Tuesday, November 19, 2013

An Interview with Steve Estes about "A Better December"

Today we have a special holiday treat--like a surprise plate of Christmas fudge and a frothy cup of hot chocolate--an interview with Steve Estes, the author of A Better December: Proverbs to Brighten Christmas. All this week, I am highlighting this unique book and offering a chance for two people to each win a copy. Tune in tomorrow to read my review.

Matt: Christmas and the book of Proverbs? That's an unusual connection to make, though after reading the book it seemed like genius to me. How did you come up with and develop the idea for A Better December?

Steve:  Solomon wrote Proverbs some 900 years before Christ. But many of his sayings fairly scream Christmas. “The coolness of snow . . . refreshes the spirit” — sounds like December, eh? Or consider this little chestnut: “He who rises early in the morning, greeting his neighbor with a loud voice — it will be taken as a curse!” Tell me that Solomon’s kids didn’t squeal and jump on his bed way too early on Christmas morning.

Seriously, in pastoring the same church for 26 years, I one year decided to keep things fresh by seeing what Scripture might say about how to do December. After all, for many folks the holidays drip with melancholy and stress. I was surprised to learn that Solomon seemed to grasp the problems we face at Christmas. Proverbs fairly popped with zingers about reining in spending, the joy of giving, and the payoff of helping the poor and of sometimes saying “no” to your kids.

Matt: What are some gems of Solomon's wisdom that you see applying to our upcoming holiday season?


• “Even in laughter the heart may ache.” Solomon is thinking about that guy at the holiday party who tries to smile, but is dying inside from a wife who just left him. No amount of holiday punch is going to soothe his aching soul. Christian, are your antennae up for such hurting people?

• Your teenager thinks her social life will droop like a Charlie Brown Christmas tree unless she gets THIS brand of jeans or THAT smartphone this December. But Solomon says, “Death and destruction are never satisfied, neither are the eyes of man.” That is, no amount of stuff will fill us. She may not believe this — and you, her parent, may have to believe this for her.

• Perfectionists, especially perfectionist-moms, cherish visions of a Currier-and-Ives holiday, a family gathering Norman Rockwell would love to paint. But trying to shake a snow-globe Christmas out of every December will disappoint you. Holiday dreams can melt in your hands like snow. Solomon says, “You can make many plans, but the Lord’s purpose will prevail.” God sometimes lets December disappoint us so that we won’t be overly focused on this life. Some years he may give you a Christmasy taste of heaven — other years, a sad December to keep your hopes on the next life, the REAL holiday.

• Other than dropping a buck into that bell-ringer’s red kettle, Christians are hugely tempted to be self-centered in December. My friends, my family, we, ourselves, and us. But great joy lies around the corner for those who ring the doorbell of a single mom — inviting her over, drawing out her story with questions, and loving her kids. “He who refreshes others will himself be refreshed.”

Matt: This book seemed very personal to you, including stories from your own family and upbringing.  How did your family figure into the writing?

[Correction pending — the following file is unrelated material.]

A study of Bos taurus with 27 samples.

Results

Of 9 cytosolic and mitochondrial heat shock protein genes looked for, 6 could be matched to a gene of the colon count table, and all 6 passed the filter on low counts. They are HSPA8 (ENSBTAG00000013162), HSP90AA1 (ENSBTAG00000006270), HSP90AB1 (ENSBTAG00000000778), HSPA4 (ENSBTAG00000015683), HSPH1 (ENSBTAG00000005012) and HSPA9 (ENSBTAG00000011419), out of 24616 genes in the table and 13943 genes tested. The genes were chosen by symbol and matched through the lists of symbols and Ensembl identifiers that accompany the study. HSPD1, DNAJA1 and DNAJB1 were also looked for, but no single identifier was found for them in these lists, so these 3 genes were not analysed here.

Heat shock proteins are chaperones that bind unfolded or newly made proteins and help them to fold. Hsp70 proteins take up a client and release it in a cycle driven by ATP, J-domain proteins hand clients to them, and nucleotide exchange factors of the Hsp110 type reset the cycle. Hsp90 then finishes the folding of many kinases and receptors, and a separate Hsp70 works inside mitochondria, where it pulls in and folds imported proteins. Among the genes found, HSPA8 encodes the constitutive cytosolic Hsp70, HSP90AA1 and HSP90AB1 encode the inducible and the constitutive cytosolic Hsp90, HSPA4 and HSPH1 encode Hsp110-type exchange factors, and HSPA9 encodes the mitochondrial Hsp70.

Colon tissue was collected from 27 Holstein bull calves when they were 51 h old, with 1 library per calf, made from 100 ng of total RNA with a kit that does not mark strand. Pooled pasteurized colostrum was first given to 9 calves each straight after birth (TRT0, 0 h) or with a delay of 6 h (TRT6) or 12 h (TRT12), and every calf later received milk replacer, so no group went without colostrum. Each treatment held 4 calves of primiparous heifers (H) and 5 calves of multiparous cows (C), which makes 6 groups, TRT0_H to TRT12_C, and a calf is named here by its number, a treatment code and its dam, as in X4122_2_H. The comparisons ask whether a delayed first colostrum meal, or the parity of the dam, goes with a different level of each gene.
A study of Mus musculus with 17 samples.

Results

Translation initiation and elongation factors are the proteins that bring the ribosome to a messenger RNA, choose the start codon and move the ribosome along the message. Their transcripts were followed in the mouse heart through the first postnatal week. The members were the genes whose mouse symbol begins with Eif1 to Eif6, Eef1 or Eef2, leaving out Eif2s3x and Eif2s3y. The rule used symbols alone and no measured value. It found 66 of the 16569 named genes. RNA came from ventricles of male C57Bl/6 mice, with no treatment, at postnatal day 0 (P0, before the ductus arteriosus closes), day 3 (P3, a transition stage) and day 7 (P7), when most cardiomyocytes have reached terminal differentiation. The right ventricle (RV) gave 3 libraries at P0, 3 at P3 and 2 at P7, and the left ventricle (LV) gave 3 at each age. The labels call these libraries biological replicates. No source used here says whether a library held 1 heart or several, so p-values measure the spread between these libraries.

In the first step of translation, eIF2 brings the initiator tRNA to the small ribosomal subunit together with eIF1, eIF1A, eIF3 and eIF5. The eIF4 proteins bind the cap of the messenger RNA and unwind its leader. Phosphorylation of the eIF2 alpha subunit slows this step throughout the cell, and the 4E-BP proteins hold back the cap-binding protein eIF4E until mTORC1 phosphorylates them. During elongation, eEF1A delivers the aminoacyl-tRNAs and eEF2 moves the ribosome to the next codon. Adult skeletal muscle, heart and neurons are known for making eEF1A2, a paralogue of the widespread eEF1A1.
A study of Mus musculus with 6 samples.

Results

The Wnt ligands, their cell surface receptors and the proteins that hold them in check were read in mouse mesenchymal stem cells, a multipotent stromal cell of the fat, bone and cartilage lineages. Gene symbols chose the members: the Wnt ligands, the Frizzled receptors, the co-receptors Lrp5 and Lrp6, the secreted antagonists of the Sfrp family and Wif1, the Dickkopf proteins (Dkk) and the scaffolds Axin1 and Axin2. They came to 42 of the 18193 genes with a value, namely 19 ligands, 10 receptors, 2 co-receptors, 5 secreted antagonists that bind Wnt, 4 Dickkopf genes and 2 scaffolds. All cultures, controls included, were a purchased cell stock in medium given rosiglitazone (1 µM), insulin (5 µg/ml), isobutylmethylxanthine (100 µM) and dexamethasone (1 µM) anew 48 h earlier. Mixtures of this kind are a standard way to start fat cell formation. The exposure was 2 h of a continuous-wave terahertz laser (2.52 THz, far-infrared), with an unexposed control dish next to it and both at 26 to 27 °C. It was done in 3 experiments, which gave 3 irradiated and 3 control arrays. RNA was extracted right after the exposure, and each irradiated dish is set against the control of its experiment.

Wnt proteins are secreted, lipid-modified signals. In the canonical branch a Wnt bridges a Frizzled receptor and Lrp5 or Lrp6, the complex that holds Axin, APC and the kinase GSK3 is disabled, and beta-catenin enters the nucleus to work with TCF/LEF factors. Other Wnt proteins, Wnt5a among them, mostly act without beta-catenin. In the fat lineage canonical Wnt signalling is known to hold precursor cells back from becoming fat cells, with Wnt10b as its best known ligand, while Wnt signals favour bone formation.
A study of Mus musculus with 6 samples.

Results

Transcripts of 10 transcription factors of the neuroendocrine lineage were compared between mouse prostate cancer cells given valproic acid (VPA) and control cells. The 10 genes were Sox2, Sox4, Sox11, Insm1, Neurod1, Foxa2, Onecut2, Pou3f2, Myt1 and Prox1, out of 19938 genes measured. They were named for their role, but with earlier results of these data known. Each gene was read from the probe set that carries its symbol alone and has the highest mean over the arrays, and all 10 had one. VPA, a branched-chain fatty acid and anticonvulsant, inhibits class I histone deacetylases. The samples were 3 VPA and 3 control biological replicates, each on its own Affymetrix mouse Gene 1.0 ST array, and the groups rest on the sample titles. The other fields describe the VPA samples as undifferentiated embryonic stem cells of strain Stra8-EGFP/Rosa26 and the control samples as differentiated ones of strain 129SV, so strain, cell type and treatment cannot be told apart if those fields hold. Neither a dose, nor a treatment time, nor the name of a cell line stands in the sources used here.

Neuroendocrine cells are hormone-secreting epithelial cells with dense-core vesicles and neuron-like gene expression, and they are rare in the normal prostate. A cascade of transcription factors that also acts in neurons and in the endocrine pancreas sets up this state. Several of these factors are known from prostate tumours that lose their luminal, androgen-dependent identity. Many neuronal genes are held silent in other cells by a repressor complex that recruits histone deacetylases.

Steve:  They are the ones with whom I’ve sat in pajamas and opened presents on Christmas morning. It’s with them that I’ve enjoyed Currier-and-Ives holidays . . .  and the sadness of Scrooge seeing what he missed during Christmas past. Every story in this book is true. Each is about people I love, about scenes from my memory that affect me deeply.

Matt: As the book develops, there is a budding movement from Solomon to Christ.  How do you envision A Better December being used as an outreach tool?

That lonely neighbor, that divorced guy at work, that woman in the nursing home — each is having a difficult December. Each may in fact be dreading Christmas Day. What sadness. Yet what opportunity! To give them a religious book in July may make them feel evangelized. But in December, to give them a plate of cookies and a tiny, illustrated Christmas book can make them feel loved. A Better December is beautifully produced, laced with humor and zippy language. It doesn’t even mention Jesus until 80% through. But when it does, He is presented as the One who can meet every longing during the year’s shortest days and longest nights.

Matt: What are your hopes for this book as it gets into readers' hands this holiday season? How are you hoping it will make for a better December in 2013 and beyond?

Steve:  I’m almost embarrassed to say this. But as I wrote, I frequently imagined someone reading this book in a large city while riding the evening subway. I guess I pictured the loneliness of being surrounded by thousands of people, not knowing one of them, yet meeting Jesus of Nazareth in this book’s pages. Please understand why I say the following: a number of readers have told me that they wept through the last half of the book. I think this is so because I tried to help readers feel the Savior. I tried to show him as not only true . . . but as beautiful. This is my great hope for that lonely person to whose lap this little book has somehow found its way.

Matt:  Amen!  Thank you, Steve, for taking the time for this interview and for authoring such a winsome, creative, and loving resource. I hope that many many copies find their way into the laps of needy readers.

To win your own copy of A Better December, read yesterday's post and join the contest.